1. #11

    Some of the instructors have started to use it in UD which is why I think it came up for discussion.

  2. #12

    I used "you only get a treat when you're here" method. And a bit of back up and forwards until she was in the right spot - good - treat.

    I think it would be good to mix up clicker training with no clicker training ie do clicker for homework and not clicker in classes and it would be like practicing for competition classes where you can't have a clicker.

  3. #13
    Like the idea of it being used in the advanced classes, but then again why not get stuck into it earlier?? That's the million dollar question.
    We were all taught timing and bridge words first. The instructor didn't graduate everyone, only those that had their timing down pat.

    Quote Originally Posted by mouseandchicken View Post
    I can see benefits of the clicker and then I can see problems. As I said for those that have a little bit of dog know how or even just coordination with lead etc (which I'm surprised so many people don't) I think they will love it and so will the instructors. It's the rest of the people I'm worried about and of course those instructors that are dead against it.

    I watched the UD training on Wednesday night before the meeting and one instructor had a valid point. Her dog was distracted by another handler using the clicker albeit only a head turn from her dog.

    I'm on the fence with this one. I haven't used it on the dogs myself because I feel my voice is with me everywhere, but when I showed my SD how it worked and we used her pet rat both she and the rat got it in minutes. But then you're not juggling leads etc either.

    Will have to do more reading because I'm going round in circles. Thanks.
    With the dog turning it's head, isn't that just a sign that she needs to do more work on his/her focus? Just curious as that is the conclusion I would leap to if I were in that situation.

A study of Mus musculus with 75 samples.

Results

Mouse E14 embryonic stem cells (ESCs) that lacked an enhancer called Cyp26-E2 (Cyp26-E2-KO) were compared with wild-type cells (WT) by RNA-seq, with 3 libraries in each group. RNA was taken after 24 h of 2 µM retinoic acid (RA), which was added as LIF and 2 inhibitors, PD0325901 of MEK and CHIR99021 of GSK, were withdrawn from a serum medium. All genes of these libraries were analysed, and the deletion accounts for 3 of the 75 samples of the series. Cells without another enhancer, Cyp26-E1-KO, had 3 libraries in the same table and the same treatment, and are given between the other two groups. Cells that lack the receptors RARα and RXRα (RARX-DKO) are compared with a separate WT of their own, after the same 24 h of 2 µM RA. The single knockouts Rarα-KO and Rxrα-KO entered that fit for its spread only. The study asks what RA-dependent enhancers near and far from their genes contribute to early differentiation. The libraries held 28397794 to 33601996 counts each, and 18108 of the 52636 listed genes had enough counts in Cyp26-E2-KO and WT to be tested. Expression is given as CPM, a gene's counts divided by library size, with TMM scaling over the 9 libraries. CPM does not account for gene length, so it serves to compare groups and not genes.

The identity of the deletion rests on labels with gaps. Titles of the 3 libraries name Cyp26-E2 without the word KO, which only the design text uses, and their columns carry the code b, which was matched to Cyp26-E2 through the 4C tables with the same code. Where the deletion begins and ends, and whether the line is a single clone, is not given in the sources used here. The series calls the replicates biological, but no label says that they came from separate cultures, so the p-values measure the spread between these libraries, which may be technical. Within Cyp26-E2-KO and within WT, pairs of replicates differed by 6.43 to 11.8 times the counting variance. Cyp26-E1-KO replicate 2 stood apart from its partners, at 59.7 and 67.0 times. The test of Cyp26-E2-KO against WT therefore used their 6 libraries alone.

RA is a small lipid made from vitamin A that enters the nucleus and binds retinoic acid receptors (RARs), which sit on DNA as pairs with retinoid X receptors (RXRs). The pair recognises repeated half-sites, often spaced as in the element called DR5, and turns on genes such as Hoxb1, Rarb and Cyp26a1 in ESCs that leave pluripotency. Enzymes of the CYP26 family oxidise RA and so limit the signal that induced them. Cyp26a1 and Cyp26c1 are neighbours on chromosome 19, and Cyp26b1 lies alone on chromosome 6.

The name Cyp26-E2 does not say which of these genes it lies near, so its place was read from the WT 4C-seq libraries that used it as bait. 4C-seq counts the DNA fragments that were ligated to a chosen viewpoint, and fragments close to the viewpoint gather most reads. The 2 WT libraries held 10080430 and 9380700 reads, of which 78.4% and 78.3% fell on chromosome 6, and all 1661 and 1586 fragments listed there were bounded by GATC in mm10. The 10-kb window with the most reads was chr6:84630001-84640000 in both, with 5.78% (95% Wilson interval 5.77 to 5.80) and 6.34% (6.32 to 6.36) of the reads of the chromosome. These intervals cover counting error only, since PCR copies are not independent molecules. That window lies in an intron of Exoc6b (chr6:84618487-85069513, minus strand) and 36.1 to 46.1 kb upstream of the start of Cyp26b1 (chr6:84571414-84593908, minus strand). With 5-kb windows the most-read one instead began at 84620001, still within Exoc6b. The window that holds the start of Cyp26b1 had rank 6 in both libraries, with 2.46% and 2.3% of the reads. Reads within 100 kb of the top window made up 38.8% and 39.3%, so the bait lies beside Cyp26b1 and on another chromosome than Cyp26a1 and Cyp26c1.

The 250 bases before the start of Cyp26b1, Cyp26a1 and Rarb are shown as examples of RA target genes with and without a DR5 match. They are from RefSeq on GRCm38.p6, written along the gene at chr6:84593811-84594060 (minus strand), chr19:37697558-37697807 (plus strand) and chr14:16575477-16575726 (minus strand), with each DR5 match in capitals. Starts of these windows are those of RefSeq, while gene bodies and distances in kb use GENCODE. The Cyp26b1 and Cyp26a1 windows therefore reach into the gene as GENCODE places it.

Quote Originally Posted by Hyacinth View Post
    I think there is some video on youtube of the K9Force guys using leads and clickers to teach correct heeling position. The class was small, and they worked one dog at a time. I don't know whether the video is available from their website or by doing site specific searches of "that other dog forum".

    I used "you only get a treat when you're here" method. And a bit of back up and forwards until she was in the right spot - good - treat.

    I think it would be good to mix up clicker training with no clicker training ie do clicker for homework and not clicker in classes and it would be like practicing for competition classes where you can't have a clicker.
    Did you back up or did Frosty? I'm just curious as I haven't seen much work being done on heeling. I'm going through youtube videos on heeling at the moment, there are so many different methods!

  4. #14

    A clicker is designed to indicate the right behaviour and a normal obedience club class moves far too quickly - a voice is sufficient

    Clicker classes run very differently to normal classes IMO - theyre more relaxed, instructions are given and people have a chance to teach their dogs. Most things we do in an obedience class are not new.

    I guess I could use a clicker with Rufus to indicate when he does the right thing but that dog lives for praise - so why bother?

    Perhaps if i had a dog that was more food than voice motivated?

    They can be distraccting as they are a curiosity.

  5. #15

    Forward with treat as a lure, held near my left hip. Stop, if she sits automatically in the right spot, her nose should be near my left hip and she gets the treat. If not, I back up, she follows, when she's up and moving, I go forwards, until she's lined up right and stop again. Footwork very important (theoretically - Frosty actually quite forgiving). Plant your right foot (opposite side to the dog) and bring your left foot up square to stop. Dog should then be sitting next to your left hip/knee. And treat.

    Initially - ie grade 1, students are allowed to use the word "sit" and nobody is too fussed about how exact the heel was. I mostly worked on keeping Frosty's attention, and ran a lot to do that. Run run run - (instructor calls halt) - walk, right foot, left foot, treat (or backwards forwards right foot left foot treat).

    Don't bark in my ear, Hound. Arggh. OK, what's she eating now that she shouldn't. Really need to go for walk now but want to wait till baseball training is over. Sigh.

    I actually used the clicker to get "watch me" right with Frosty and that's helped a lot in later classes and practice with and without the clicker. Click when Frosty is looking at me and not the treat, then treat. Do again. Wave the treat around to proof, add the words "watch me". Click when her eyes meet mine, not the treat.

  6. #16

  7. #17

    Handler should have seen the other clicker as just one more proofing opportunity. There's no guarantee at a trial that a spectator won't have one.